Women appear to have a natural defence against the world's most common
sexually transmitted infection, a new study says.
This natural protective barrier consists mainly of lactic acid bacteria -
The discovery could lead to new treatments for "trich," which affects an
estimated 174 million women and men around the world each year, according to a
journal news release.
Trich is caused by the parasite Trichomonas vaginalis or T.
vaginalis. Symptoms of the infection include pain, irritation and
discharge. About 50% of all people who have this condition, however, don't
develop symptoms and are unaware that they are infected.
Researchers Augusto Simoes-Barbosa, of the University of Auckland in New
Zealand, and colleagues examined how easily three different strains of T.
vaginalis bound to vaginal cells. They repeated the process when nine
different types of lactobacilli were also present.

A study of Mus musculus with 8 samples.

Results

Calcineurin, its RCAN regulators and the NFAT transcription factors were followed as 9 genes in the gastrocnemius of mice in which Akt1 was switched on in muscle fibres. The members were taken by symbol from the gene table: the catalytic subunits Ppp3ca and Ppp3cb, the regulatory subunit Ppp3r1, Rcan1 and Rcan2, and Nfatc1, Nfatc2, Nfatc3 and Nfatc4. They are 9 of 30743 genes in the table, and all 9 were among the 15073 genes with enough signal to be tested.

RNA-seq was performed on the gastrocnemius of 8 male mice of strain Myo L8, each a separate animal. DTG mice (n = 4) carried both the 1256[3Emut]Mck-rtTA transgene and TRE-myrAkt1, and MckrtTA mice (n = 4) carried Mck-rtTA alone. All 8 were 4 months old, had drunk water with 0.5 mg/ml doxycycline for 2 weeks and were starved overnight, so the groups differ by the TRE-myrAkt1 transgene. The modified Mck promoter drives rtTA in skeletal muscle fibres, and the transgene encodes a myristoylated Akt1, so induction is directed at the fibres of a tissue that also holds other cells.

In the vast majority of instances, lactobacilli prevented the
parasite from binding to the cells. Some types of lactobacilli were
better at preventing the parasite from binding to the cells than others, the
study authors pointed out.
"This study reinforces the important role that our microbiomes play in
health, infection and disease," they wrote. "Understanding the role that
Lactobacillus plays in T. vaginalis infection/disease might
reveal new therapeutic approaches, which include taking advantage of the natural
probiotic activity of lactobacilli."
The US Centers for Disease Control and Prevention has more about trich infections.